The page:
This week's demolition of a massive Protestant church in the eastern city of Wenzhou highlights the growing uneasiness of the ruling Chinese Communist Party over burgeoning numbers of Christians in the nominally atheist country, analysts said.
Authorities completed on Monday the demolition of the 85,000-square foot (nearly 7,900-square meter) Sanjiang church, which once dominated the city with its soaring spires, gleaming white walls, and stained glass windows, saying it had far exceeded the size allowed in the building permit.
Christians in Wenzhou, whose large numbers have earned it the nickname "the Jerusalem of the East," launched a frantic campaign to save the church, which was once designated a "model construction project" by the local government.
While Wenzhou officials defended the move, saying they are moving to demolish illegal structures in the city regardless of who owns them, analysts and activists said the U.S. $5 million church had become a too-visible reminder of the sheer numbers of Chinese turning to Protestant Christianity, and of their considerable financial muscle.
"While the Zhejiang provincial government ... claims that [their campaign] isn't aimed at Protestants, the majority of buildings that have been demolished so far have been Protestant churches," Yang Fenggang, director of the Center of Religion and Chinese Society at Purdue University in Indiana, told RFA.
"The reason for this is probably that the growth of Protestantism in Zhejiang is worrying some officials."
He said some local ruling Chinese Communist Party officials are unhappy at the number of crosses visible on the city's skyline.
"That's why they gave the order to demolish churches, because they think it will slow the development of Protestant Christianity in China, or even halt it altogether," Yang said.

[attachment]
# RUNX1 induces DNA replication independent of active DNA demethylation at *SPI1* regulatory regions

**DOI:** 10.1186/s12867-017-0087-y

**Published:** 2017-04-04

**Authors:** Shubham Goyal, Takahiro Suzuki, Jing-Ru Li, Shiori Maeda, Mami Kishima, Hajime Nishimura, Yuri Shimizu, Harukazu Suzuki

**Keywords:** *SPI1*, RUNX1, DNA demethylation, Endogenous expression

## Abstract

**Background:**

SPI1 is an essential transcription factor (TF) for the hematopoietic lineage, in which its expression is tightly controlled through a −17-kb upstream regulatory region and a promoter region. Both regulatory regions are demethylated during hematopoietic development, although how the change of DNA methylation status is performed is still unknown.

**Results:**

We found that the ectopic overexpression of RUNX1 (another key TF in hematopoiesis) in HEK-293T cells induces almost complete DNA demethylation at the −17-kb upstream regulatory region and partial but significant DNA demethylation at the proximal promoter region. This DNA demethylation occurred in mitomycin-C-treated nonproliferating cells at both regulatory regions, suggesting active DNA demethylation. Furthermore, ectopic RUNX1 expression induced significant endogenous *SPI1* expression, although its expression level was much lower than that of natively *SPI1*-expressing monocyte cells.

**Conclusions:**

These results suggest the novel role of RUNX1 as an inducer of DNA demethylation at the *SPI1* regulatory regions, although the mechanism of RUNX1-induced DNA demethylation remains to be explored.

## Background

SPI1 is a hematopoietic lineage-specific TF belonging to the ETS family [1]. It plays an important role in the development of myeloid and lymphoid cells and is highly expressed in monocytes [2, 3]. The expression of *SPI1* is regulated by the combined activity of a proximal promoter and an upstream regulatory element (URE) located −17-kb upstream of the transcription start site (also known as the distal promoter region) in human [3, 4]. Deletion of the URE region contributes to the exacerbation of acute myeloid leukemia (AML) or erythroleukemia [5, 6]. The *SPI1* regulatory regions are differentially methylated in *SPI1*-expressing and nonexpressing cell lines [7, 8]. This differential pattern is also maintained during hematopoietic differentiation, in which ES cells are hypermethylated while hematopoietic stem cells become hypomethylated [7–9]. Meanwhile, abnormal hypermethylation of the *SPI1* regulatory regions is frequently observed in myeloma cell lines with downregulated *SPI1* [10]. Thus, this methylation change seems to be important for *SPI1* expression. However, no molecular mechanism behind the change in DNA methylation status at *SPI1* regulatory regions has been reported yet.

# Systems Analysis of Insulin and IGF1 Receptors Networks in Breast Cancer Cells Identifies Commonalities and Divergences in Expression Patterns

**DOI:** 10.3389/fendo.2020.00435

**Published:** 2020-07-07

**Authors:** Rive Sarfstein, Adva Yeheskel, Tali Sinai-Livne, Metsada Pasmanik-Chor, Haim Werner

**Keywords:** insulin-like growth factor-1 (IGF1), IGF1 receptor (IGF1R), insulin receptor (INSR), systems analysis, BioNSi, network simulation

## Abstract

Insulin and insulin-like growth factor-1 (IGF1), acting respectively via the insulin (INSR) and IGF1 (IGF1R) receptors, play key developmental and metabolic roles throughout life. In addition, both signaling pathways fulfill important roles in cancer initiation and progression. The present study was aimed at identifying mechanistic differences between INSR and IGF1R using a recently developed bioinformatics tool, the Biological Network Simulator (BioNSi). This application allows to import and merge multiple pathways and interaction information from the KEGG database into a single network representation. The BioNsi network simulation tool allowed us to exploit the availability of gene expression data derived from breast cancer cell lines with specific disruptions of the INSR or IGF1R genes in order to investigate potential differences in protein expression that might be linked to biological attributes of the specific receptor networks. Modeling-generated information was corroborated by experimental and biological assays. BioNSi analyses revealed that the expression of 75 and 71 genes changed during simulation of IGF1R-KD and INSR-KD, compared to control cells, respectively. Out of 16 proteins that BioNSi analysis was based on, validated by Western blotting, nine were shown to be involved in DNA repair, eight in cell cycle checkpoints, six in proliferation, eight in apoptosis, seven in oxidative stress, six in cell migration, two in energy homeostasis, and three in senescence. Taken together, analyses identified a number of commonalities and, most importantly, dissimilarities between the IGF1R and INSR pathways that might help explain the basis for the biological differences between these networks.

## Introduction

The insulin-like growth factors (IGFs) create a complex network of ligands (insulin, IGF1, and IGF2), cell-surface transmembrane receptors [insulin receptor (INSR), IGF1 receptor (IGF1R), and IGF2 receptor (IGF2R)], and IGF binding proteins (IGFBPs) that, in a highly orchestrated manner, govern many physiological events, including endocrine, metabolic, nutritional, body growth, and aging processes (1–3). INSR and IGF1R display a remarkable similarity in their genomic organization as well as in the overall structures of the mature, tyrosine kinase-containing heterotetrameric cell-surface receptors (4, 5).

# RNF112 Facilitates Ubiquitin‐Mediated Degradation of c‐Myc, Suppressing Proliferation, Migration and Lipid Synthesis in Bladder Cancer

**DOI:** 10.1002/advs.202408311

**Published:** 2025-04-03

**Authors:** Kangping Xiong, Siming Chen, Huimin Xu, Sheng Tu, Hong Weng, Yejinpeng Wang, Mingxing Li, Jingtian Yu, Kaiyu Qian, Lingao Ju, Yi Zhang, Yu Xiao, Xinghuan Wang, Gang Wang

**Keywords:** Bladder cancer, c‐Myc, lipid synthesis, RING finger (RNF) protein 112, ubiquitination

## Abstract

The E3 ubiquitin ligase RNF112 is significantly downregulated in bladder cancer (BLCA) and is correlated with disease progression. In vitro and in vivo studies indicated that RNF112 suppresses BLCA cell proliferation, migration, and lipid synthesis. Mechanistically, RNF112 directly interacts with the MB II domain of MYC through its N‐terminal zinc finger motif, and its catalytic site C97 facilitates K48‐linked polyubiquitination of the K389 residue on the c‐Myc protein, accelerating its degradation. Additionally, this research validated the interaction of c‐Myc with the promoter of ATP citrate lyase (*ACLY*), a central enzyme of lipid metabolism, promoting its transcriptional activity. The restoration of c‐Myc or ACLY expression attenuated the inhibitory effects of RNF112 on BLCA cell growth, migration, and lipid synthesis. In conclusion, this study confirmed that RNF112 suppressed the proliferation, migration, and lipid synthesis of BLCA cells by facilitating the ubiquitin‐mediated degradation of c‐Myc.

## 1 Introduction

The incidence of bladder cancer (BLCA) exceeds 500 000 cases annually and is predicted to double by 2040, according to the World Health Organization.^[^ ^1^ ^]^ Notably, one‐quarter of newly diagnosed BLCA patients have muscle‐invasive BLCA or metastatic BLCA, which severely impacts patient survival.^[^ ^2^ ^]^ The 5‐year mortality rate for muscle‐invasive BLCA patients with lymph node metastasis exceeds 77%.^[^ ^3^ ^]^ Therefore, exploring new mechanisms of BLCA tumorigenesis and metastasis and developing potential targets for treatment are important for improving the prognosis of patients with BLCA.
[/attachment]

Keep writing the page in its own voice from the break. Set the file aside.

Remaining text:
Bob Fu, who heads the U.S.-based Christian rights group ChinaAid, said Sanjiang Church, which took six years to build and was only completed in 2013, originally had the government's blessing.
"The irony is that last year, Sanjiang Church was designated a model construction project by the Wenzhou municipal government, and the government was full of praise for it when it was finished," Fu said.
"Now, suddenly, the church has become an illegal structure."
Fu said sources in Wenzhou had told him that the change of heart could be traced back to a directive from Beijing at the end of 2013, calling on governments to take steps to curb the spread of Protestant Christianity in China.
"After that, the Zhejiang provincial government sent out a number of special directives calling on local city and county-level governments to launch the demolition campaign," he said.
"The religious buildings were to be designated illegal structures, and the focus was to be Protestant churches," Fu said.
Yang said the government's campaign to curb Christianity will likely have the opposite effect, however.
"According to current trends ... by 2030 there will be more Protestants in China than there are in the United States," he said. "China will become the country with the biggest Protestant population in the world."
He said the demand for new places of Protestant worship has outstripped supply many times over since economic reforms began in 1979.
"A conservative estimate of the number of new followers [since then] is at least 58 million, while Catholics gained nine million," Yang said. "Oppression by the Chinese government simply won't be able to stem the rise of Protestant Christianity in China."
According to an annual report released on Wednesday by the U.S. Commission on International Religious Freedom (USCIRF), the Chinese government continues to perpetrate "particularly severe" violations of religious freedom.
"Independent Catholics and Protestants face arrests, fines, and the shuttering of their places of worship," the report said, adding that China should be designated a "country of particular concern" because of systematic and ongoing abuses of religious communities.
Reported by Wen Jian for RFA's Mandarin Service and by Wei Ling for the Cantonese Service. Translated and written in English by Luisetta Mudie.